Devotion: One Thing You Lack

There was only one person who encountered Jesus with a deep longing that was left unhealed. In fact, he left the presence of Jesus in tears and unchanged. Though “Jesus looked at him and loved him,” the man retreated from the Savior’s presence. Why?

Because Jesus demanded that the man release the very thing that had brought the man the greatest satisfication, that provided the man’s identity, that offered the man security.

Jesus looked at the Rich, Young Ruler and said, “You lack one thing.”

I am sure that the man, who seemed to have everything, had never been told there was something he lacked. However, even if he had been told he lacked something in the past, certainly through his influential charm, his youthful vigor, or his money he had filled that void.

This time, however, Jesus looked upon him with love and asked that the man, “Go, sell everything, and give it to the poor, and you will have treasures in heaven. Then come and follow me.”

Earlier the man had boasted about how he had been successful in keeping commandments 4 through 10: no murdering, adultery, stealing, lying, coveting. However, when Jesus subtly asks him to obey the first commandment, the man realizes that his love of his lifestyle was greater than his desire to be a follower of Jesus.

God was easy to obey when it brought benefits like youthfulness, money and influence for this man. However, it is hard to obey God when the benefits do not seem apparent.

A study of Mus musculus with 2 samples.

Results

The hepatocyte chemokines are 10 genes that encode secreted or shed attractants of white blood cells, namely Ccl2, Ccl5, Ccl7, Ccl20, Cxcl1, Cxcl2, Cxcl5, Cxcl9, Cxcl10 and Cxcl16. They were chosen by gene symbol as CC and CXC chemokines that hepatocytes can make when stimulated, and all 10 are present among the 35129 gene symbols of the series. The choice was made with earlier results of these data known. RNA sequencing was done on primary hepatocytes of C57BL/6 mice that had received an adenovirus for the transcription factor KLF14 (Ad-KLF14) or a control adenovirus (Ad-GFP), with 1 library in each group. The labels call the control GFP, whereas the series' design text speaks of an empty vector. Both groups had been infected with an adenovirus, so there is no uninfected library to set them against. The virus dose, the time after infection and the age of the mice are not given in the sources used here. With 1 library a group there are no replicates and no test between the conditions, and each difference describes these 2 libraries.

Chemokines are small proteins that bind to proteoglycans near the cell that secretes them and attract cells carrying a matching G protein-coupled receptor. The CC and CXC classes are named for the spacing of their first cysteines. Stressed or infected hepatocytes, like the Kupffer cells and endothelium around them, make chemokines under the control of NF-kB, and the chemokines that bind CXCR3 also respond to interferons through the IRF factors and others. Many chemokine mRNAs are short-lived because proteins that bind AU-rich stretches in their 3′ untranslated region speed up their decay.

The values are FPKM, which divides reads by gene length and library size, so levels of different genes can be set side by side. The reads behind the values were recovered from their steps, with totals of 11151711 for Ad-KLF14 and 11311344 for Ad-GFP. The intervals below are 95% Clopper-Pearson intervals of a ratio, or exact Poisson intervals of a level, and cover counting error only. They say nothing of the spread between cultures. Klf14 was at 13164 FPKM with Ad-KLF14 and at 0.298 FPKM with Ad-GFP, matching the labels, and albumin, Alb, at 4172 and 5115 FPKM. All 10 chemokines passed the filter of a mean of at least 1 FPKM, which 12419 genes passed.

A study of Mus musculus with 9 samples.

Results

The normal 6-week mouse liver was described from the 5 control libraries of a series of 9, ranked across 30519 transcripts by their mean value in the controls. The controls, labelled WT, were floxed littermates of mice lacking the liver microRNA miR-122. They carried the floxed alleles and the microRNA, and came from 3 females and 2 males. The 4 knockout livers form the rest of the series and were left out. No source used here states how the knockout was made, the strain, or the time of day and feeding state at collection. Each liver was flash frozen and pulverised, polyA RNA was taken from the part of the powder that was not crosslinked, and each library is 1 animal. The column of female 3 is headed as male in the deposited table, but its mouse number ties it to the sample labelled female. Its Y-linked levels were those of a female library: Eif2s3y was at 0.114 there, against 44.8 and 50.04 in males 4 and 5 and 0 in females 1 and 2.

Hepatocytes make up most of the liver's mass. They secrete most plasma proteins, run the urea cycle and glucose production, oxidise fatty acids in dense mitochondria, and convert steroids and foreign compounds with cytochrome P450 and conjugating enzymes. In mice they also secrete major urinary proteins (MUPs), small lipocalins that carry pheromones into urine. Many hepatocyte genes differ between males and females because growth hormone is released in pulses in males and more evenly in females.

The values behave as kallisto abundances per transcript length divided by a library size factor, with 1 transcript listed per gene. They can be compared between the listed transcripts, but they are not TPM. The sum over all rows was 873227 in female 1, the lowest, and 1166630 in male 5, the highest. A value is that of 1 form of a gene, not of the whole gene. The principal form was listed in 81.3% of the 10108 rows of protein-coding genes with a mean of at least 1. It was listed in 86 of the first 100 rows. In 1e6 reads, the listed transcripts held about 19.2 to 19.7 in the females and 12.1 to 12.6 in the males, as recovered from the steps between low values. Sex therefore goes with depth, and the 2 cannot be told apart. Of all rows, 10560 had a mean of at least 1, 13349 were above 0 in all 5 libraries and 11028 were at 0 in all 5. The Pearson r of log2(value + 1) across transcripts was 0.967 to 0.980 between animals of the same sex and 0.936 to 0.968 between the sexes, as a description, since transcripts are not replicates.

In order to move from loving God for his benefits, towards loving God for Himself requires suffering. Suffering forces us to decide whether we will remain in the presence of God, or retreat back into our secure, little lives.

This is what Jesus was trying to call the man towards. Out of love, Jesus wanted the man to experience the freedom of letting go. To experience the joy of complete and utter dependence upon him.

There was no hedging, it was a costly, all-in call towards discipleship. The woman caught in adultery, the men born blind, those who had been demon-possessed, the crippled, the tax collectors, the salty fishermen…they all were able to accept this call because they had suffered in life.

The rich, young ruler, though, had never been given the chance to suffer.

This is what he lacked–a refining test that would transform his relationship with God. Most of us function with a belief system that is God+My Plan For My Life, where we obey God so long as He affirms our plans.

Tim Keller writes, “A life of goodness can make [sudden] affliction even harder for a person to take, since it makes it all seem completely senseless and unfair.” However, if we learn to make sacrifices and embrace mini-sufferings, then we discover that suffering is not senseless and unfair. We learn that suffering is actually redemptive and transformative.

The rich, young man could not accept Jesus’ offer because “he had great wealth.” Never before in his life had he been challenged to give a little…therefore, when he was called to give it all, it exposed for him his true heart.

If Jesus looked at you with love and said there is one thing you must give up in order to follow him, what would it be? Would you be willing to set down your plans in order to follow him?